I watched Red Letter Media’s review of Star Trek: Picard the other day. As usual, good stuff . . . underneath the bizarre and generally inappropriate humor.
I particularly enjoyed the discussion as to why the much-vaunted idea of the “mystery box” so often results in bad storytelling.
First, what is a “mystery box”? The term first came into the wider public’s consciousness thanks to J.J. Abrams, who got his big break with the TV show Lost:
If you read Frank Bruni’s profile of J. J. Abrams in Sunday’s magazine, you know that the filmmaker regards his work as the creation of mystery boxes. He laid out his thinking at a TED conference several years ago: “What are stories, but mystery boxes? . . . What’s a bigger mystery box than a movie theater? You go to the theater, you’re just so excited to see anything — the moment the lights go down is often the best part.”
What Abrams was talking about specifically was something he got at Tannen’s Magic, in Midtown Manhattan, more than three decades ago — a real box with a question mark on the outside and unidentified objects shuffling around inside. By the time of the TED conference four years ago, Abrams had gone 35 years without opening his box. Kept closed, “it represents infinite possibility,” he told his audience. “It represents hope. It represents potential.” And who would want to give up those things?
Translated, a mystery box is something unexplained that keeps a viewer or reader interested. After all, they have to figure out what’s in it! What’s the reveal? Where’s the payoff?
This isn’t bad storytelling advice. You always want to leave something there for your audience to care about. If they don’t care, they won’t be your audience for long. I’ve written before about some advice I got, which was to have two unexplained things at all times. These don’t have to be big mysteries, just something your characters (and audience) wants or needs to know or obtain, but doesn’t or can’t at the present time. They are there to propel your characters, to provide a goal, create urgency, and raise the stakes.
Then problem comes when, as discussed in the Picard review, the mysteries convolute what is otherwise a straightforward plot. And you have to resolve every mystery in a satisfying way, or the audience will no longer trust the writer.
With too many mysteries, this is a tall order. And many mysteries for the sake of having a mystery to make a simple premise seem “smarter” or “deeper” is one of the sins Red Letter Media casts at Picard‘s feet. The Abrams-helmed installments also suffered from this overreliance on the mystery box. Reading a synopsis of the final one was actually comical, because it was so stupid.
Think about it: If you have situations where the audience is ahead of the writer, and says to itself, “Why did the villain do something so stupid when they could have just done X and gotten away with it?” or “Why didn’t the heroes just check Y or talk to so-and-so?” you have a problem.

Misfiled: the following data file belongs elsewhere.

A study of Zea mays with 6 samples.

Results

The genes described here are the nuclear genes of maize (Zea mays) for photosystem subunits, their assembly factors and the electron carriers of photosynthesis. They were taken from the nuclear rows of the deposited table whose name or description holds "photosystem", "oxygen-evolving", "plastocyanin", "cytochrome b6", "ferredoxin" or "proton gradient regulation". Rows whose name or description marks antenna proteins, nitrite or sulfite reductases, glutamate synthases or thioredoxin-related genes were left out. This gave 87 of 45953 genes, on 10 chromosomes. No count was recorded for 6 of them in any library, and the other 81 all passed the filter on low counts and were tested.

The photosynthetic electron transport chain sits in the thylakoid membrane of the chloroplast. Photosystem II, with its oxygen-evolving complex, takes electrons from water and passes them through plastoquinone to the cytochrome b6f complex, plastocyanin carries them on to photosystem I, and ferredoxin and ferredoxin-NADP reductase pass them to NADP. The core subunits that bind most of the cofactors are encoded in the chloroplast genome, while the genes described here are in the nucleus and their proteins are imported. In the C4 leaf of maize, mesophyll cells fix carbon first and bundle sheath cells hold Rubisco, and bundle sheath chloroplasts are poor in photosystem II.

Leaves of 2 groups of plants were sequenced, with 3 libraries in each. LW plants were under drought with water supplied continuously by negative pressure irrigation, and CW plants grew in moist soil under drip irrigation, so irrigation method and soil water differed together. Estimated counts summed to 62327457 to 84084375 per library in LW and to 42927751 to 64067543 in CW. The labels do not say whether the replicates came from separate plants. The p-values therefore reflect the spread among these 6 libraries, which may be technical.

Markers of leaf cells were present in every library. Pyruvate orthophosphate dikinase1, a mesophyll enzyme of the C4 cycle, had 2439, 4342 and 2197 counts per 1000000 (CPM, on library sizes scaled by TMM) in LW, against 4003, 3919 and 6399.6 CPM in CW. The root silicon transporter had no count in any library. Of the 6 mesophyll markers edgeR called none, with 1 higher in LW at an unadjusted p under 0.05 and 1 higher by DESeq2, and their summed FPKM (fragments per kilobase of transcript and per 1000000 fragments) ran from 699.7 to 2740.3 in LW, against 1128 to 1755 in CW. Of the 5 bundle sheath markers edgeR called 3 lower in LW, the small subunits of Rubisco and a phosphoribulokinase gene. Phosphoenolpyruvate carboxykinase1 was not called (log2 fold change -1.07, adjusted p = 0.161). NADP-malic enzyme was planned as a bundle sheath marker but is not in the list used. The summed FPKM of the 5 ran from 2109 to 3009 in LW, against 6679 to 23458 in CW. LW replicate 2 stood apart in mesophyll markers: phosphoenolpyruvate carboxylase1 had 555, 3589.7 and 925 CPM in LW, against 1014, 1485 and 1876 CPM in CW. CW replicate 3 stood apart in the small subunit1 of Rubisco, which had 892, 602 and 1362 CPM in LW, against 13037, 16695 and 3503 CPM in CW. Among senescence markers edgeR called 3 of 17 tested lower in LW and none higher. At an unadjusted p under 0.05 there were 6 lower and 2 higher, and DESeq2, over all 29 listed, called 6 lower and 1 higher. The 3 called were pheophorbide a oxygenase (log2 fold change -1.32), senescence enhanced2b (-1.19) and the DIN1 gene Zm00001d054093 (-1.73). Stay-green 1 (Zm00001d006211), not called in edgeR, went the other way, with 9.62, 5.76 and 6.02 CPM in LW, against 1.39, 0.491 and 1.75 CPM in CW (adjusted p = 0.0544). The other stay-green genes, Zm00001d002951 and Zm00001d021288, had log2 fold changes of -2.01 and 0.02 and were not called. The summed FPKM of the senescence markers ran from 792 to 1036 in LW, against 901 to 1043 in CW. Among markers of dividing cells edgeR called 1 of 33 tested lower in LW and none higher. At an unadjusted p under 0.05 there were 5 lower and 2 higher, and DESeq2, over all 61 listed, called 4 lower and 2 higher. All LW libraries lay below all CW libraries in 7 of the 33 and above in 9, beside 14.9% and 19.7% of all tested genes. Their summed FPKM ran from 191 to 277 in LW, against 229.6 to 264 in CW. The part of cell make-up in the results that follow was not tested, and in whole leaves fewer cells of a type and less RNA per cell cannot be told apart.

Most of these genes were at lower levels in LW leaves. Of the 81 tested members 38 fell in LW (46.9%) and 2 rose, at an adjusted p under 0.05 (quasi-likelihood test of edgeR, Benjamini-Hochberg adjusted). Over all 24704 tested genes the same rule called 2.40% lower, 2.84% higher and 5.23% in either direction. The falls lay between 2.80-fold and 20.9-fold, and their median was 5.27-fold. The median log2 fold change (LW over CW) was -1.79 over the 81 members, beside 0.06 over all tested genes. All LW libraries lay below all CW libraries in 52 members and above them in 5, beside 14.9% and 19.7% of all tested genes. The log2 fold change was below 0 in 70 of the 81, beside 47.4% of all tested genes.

Simple can be good! Simple doesn’t mean simplistic!
You can go for maximum drama . . . but you also want your story to have its own functional internal logic. Both are important. I err on the side of shoring up the logic first and making sure the dramatic moments make sense, but your mileage may vary.
The point is that mystery boxes have the potential to create too much inconsistency and leaps of logic, where characters act really stupidly in a way that ruins the audience’s suspension of disbelief.
The tendency seems to be big in TV writing, where the showrunners need the viewers to keep tuning in episode after episode. Ditto with long book series. But is this good writing?
I’m not a fan personally. I like plots that resolve and stories that end. The tendency to drag mysteries out beyond the point of absurdity is one of the things that used to bother me about comic books when I was a kid. Much better to have one mystery solved and then create a new one instead of stringing the audience along month after month, year after year.
One of the best ways to raise tension is to create a clear goal but keep throwing obstacles in your heroes’ way. Like mysteries, these don’t all have to be earth-shattering, but make it hard for them.
Mysteries, like everything, are not a one-size-fits-all solution for every single writing situation. The danger comes when a writer tries to show off how smart they are by taking a good, clean concept and mucking around with it so everybody will say that he’s a really clever guy.
Too many mysteries. Too many surprises. Too many unanswered questions drawn out way too long. Too many plot holes and intellect-insulting lapses in logic. And too many underwhelming or flat-out lazy reveals in a bid to be shocking and smart.
There are surprises in many of these boxes. And they’re shocking all right, the way brown and smelly surprises wrapped in little packages tend to be.
Real-world examples of these storytelling principles abound in my books, and I actually pay off my readers in a way that is dramatic and makes sense. Buy The Last Ancestor here!